Good Friday – Five Practices from the Cross

IMG-2338.JPGThis is the radio devotion I recorded for Good Friday of Holy Week 2020. 

Thanks to KCNI/KBBN for airing devotions by the Custer County Ministerial Association. 

Online-only Good Friday worship from the Ministerial Association will be available at Broken Bow United Methodist Church, and on Facebook.


Good morning. This is Matt Fowler from Broken Bow United Methodist Church. With the spread of the COVID-19 virus, everything seems a little uncertain right now, and so, this week, I’m exploring five historic spiritual practices, or disciplines, that can help us experience God’s presence in the midst of our daily lives. And because it’s Holy Week, I’m going to be looking at Jesus’ last words spoken from the cross. Adam Hamilton develops these ideas in his book, The Walk, which my church has been reading during Lent.

Before jumping in, it’s important to note two things. First, the seven last words are collected by reading across the gospels of Matthew, Mark, Luke, and John. Each include different statements from Jesus. Second, because of the brutal reality of crucifixion, saying each of these things would have increased Jesus’ pain during crucifixion, and yet he found it important to say these things. These two things add weight or importance to these statements: they cost Jesus dearly to say them, and the early Christian gospel writers thought they were so important that they included them in the gospels.

As Jesus was placed on his cross between criminals, Luke tells us that Jesus prays, “Father, forgive them; for they do not know what they are doing” (Lu 23:34, NRSV). We might hear in this Jesus praying for the people whose actions have brought him to this place: a betraying friend, a mob of angry people, fearful religious folks, a detached leader, or barbaric soldiers. But Hamilton suggests another way to hear Jesus’ prayer. Since Jesus is fully human and fully God, and God exists beyond time and space, it seems at least likely that Jesus sees all of past, present, and future humanity and prays for all from the cross. In this, Jesus prays for us, for you and me, seeing us fully. He sees our failures and faults, he sees our faith and our faithlessness, and he prays for our forgiveness. In this pray, with his outstretched arms, he’s proclaiming, “God loves you, God loves us, this much.” Jesus, in his prayer, and in his crucifixion, bears witness to God’s unending love.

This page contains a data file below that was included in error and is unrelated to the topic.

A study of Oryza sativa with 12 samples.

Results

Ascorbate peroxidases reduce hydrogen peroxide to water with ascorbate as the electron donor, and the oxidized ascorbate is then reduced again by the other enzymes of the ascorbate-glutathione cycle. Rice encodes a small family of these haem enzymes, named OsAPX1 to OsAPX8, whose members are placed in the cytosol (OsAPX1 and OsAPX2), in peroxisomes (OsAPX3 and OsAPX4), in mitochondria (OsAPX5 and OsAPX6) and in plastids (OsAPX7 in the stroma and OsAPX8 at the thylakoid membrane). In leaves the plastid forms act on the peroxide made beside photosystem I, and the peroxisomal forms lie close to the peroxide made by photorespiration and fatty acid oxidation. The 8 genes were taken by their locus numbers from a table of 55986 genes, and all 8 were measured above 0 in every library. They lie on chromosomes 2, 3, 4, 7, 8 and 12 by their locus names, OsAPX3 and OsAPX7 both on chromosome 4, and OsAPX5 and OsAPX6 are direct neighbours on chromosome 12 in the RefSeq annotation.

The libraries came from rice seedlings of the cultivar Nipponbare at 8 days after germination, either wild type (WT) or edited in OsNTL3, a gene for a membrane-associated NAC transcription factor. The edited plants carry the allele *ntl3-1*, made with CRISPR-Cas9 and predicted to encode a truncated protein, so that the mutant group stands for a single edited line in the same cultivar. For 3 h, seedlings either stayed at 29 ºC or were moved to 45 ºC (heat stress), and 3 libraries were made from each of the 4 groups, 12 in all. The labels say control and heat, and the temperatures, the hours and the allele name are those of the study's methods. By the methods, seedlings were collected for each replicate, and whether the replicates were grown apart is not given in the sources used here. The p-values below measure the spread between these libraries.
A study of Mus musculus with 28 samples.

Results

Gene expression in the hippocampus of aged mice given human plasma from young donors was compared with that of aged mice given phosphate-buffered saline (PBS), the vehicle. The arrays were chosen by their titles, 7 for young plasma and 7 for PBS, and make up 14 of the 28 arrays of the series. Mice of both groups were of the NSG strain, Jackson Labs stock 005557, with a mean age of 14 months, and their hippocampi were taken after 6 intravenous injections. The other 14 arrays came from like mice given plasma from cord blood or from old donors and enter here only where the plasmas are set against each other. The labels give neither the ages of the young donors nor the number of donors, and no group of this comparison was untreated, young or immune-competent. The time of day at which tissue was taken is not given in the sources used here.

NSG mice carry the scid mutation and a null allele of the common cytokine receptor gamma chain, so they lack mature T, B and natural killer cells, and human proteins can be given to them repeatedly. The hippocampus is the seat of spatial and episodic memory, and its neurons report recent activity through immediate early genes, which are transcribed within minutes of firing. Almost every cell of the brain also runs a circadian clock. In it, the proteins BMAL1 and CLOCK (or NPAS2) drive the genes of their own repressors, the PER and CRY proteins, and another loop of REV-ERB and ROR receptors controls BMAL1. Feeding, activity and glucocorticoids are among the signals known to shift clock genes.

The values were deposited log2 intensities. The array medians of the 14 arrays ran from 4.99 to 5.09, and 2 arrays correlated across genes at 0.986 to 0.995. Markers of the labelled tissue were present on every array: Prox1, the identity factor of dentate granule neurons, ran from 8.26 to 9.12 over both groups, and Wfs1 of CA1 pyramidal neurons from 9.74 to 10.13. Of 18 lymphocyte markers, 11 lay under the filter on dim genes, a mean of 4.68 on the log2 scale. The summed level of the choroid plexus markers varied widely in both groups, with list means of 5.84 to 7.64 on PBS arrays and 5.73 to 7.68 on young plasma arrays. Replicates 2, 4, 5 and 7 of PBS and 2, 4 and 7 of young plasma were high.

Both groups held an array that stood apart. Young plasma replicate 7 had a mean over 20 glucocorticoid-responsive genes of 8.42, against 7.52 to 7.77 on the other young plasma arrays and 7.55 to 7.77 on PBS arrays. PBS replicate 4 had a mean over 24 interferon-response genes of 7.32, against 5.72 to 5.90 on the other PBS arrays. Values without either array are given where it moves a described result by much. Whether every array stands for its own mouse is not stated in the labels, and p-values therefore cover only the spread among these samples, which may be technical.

Then, in case we miss his point, Jesus replies to one of the criminals’ request for mercy, saying, “Truly I tell you, today you will be with me in Paradise” (Lu 23:43, NRSV). Again, Jesus proclaims forgiveness, restoration, and salvation for all. At the very end of his life, Jesus is still proclaiming God’s character: God is the God of second, and third, and fourth, and unending chances to experience forgiveness, wholeness, and union with God.

I wonder about the line, “for they don’t know what they’re doing.” Lately, I’ve felt more than a little lost, off-kilter, and out of sync. Have the rhythms of your life made you feel like this too? In this, I wonder if Jesus is also inviting us to take stock of our lives and determine again what all we’re doing, and why we’re doing it. Could Jesus be inviting us to experience Jesus today by re-ordering our lives around our walk with Jesus? Could pondering the meaning of life lived with Jesus, and then sharing it with others, help us to experience God’s presence in the midst of our lives today?

In the cross Jesus reveals God’s relentless mission of drawing all creation to Godself. On this Good Friday, may we find in Jesus’ death a renewed sense of mission and purpose, and may God give us words to share our life’s deepest purpose – receiving and sharing God’s grace – with others.